DEPUTY Scottish Labour leader Jackie Baillie has said she would support an investigation into leaks from the Holyrood inquiry into the Scottish Government’s unlawful investigation of Alex Salmond.

Last week contents of the unfinalised report were leaked to the media, prompting committee member Andy Wightman to remind his colleagues of the MSP code of conduct.

The independent MSP posted an excerpt of the code on Twitter, which said “members must not provide the media with any other briefings or views on the general contents or ‘line’ of draft committee reports”. The text also stated: “Disclosures of this kind can also seriously undermine and devalue the work of committees”.

The National:

And on Sunday, the women at the centre of the inquiry said they would make a formal complaint to the Parliament after their evidence was leaked to a newspaper.

They said the leak was a breach of the MSP code of conduct, and a “violation of the trust we placed in the committee”. They also raised concerns over the accuracy of the leak.

Speaking on BBC Radio Scotland this morning, Jackie Baillie said she would “absolutely” support an inquiry.

The Holyrood inquiry into the Scottish Government’s unlawful investigation of Alex Salmond has this morning published its findings. They are separate from those of James Hamilton QC, who reported yesterday that there had been no breach of the ministerial code by Nicola Sturgeon over her role in the saga.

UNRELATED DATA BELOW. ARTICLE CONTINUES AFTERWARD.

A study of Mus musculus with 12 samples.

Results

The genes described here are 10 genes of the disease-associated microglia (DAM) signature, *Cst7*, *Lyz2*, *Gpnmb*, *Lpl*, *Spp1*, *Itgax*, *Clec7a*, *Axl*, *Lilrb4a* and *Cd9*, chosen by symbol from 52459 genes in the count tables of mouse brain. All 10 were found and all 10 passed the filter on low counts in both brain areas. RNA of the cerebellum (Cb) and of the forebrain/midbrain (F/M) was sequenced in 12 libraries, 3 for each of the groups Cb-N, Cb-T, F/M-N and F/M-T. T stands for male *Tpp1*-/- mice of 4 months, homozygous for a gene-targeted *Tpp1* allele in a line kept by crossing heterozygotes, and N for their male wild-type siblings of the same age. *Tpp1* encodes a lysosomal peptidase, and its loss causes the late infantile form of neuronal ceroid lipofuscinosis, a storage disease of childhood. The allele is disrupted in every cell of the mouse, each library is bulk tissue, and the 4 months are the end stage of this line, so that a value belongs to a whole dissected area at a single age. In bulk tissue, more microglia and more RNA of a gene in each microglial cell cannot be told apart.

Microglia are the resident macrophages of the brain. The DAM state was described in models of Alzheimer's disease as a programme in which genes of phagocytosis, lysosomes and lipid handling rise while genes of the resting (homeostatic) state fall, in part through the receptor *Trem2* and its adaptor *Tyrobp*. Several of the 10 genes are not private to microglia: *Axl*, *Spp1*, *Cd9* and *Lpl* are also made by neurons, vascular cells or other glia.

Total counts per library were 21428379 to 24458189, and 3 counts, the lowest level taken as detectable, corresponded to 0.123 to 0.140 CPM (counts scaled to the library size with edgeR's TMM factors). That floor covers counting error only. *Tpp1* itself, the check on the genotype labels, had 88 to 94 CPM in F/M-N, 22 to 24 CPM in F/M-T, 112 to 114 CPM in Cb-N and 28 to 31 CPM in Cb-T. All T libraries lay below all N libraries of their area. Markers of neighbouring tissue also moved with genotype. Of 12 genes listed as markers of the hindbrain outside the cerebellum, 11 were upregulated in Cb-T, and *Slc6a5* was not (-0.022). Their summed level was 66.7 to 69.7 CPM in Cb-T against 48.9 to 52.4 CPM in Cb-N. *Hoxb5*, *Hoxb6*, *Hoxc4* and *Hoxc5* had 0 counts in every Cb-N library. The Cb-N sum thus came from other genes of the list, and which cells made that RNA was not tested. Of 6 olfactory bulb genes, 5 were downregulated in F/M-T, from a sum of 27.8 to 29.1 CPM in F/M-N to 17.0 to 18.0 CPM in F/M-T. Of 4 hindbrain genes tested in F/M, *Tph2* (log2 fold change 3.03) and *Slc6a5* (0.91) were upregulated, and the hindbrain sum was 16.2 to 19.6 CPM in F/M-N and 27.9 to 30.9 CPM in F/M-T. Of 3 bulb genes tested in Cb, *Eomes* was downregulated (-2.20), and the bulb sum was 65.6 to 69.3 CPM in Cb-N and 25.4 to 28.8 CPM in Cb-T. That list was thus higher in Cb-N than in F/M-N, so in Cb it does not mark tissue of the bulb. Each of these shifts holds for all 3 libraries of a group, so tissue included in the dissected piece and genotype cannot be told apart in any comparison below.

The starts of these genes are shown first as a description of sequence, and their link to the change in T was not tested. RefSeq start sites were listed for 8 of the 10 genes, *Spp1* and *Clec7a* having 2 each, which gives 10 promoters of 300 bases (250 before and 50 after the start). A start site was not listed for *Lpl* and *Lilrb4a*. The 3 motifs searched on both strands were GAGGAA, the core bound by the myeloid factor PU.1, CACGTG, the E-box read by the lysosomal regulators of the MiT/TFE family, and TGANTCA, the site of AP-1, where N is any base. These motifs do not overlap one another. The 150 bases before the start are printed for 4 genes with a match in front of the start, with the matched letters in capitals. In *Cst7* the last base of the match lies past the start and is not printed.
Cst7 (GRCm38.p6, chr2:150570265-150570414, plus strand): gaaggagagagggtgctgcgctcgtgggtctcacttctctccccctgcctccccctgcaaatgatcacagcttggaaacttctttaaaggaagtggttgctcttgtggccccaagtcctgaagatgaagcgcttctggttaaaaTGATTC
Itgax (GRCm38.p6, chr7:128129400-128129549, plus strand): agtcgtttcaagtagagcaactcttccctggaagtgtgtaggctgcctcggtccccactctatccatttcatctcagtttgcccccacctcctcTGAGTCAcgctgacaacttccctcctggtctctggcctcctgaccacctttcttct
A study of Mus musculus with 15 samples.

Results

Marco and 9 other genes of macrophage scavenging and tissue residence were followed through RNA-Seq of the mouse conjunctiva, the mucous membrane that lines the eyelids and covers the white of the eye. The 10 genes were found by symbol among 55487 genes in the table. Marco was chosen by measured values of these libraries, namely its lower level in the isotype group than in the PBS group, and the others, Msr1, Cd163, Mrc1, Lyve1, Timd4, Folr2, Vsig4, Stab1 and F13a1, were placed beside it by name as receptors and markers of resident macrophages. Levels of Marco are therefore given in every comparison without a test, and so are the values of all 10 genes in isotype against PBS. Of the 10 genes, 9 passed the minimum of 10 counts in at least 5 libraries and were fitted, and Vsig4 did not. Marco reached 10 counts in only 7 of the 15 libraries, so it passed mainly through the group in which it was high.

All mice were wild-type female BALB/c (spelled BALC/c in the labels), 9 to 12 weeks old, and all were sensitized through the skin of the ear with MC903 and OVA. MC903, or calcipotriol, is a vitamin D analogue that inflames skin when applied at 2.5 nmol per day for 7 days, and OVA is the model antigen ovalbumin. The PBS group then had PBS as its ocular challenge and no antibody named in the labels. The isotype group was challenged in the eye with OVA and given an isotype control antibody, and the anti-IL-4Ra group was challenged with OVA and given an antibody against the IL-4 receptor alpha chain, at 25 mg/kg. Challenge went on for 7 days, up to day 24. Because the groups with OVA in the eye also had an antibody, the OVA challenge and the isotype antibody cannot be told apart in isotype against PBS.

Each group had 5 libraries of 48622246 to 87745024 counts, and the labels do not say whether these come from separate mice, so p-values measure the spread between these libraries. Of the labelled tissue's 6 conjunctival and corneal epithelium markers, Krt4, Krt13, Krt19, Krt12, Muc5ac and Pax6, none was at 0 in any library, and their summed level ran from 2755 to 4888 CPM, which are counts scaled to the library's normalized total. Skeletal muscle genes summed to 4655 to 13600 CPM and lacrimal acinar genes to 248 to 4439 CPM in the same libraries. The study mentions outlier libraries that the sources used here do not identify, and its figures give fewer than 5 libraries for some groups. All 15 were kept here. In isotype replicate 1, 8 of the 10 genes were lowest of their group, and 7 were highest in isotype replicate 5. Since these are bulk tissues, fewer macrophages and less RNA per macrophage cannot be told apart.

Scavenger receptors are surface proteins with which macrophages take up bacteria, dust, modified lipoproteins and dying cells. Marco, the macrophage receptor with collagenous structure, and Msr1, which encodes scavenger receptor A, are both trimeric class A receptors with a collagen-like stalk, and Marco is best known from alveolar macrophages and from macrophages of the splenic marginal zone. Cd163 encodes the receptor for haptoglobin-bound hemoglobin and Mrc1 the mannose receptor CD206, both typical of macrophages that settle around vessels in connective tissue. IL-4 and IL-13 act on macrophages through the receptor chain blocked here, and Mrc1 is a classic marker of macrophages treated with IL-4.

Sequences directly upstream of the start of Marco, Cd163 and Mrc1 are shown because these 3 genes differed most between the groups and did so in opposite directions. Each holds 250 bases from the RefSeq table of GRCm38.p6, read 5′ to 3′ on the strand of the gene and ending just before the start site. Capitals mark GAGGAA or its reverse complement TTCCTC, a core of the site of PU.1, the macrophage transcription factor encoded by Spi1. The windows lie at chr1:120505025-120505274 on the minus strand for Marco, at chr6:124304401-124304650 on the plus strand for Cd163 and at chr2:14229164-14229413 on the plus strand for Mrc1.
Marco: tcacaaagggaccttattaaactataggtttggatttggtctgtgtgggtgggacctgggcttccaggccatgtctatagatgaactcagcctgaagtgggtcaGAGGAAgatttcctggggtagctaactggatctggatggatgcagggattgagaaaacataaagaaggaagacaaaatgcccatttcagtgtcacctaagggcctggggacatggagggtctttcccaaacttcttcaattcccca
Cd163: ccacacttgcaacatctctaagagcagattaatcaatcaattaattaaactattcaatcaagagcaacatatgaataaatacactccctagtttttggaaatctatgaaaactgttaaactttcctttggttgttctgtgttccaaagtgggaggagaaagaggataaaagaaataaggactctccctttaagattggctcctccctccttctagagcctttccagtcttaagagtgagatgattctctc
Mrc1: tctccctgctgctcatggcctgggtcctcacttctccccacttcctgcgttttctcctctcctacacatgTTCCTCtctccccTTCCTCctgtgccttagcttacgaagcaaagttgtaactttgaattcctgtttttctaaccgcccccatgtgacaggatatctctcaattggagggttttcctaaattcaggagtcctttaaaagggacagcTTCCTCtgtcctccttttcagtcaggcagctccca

READ MORE: Holyrood harassment complaints inquiry publishes findings on Alex Salmond case

Baillie said: “The leaks against the women were particularly bad, because they had the bravery to come forward to speak to the committee.

“It was entirely inappropriate that that information was leaked to the public domain.”

When asked if she leaked the evidence to the press, Baillie responded “absolutely not”, adding: “I would never do that. These two women were very brave in coming forward. I regret the fact that information was leaked. It shouldn’t have been.”

READ MORE: Salmond complainers to lodge complaint over leak of their evidence to Holyrood probe

Baillie added: “When a committee meets in private, then that is exactly what they should be – particularly when you’re dealing with such sensitive issues.

“For the two women to come along and give their evidence, for it then to be shared in the public domain, is simply not acceptable.”

Committee members have held 14 public evidence sessions, questioning a range of witnesses about the development of the complaints policy that was used unlawfully, the handling of the allegations, Salmond’s successful judicial review and the ministerial code.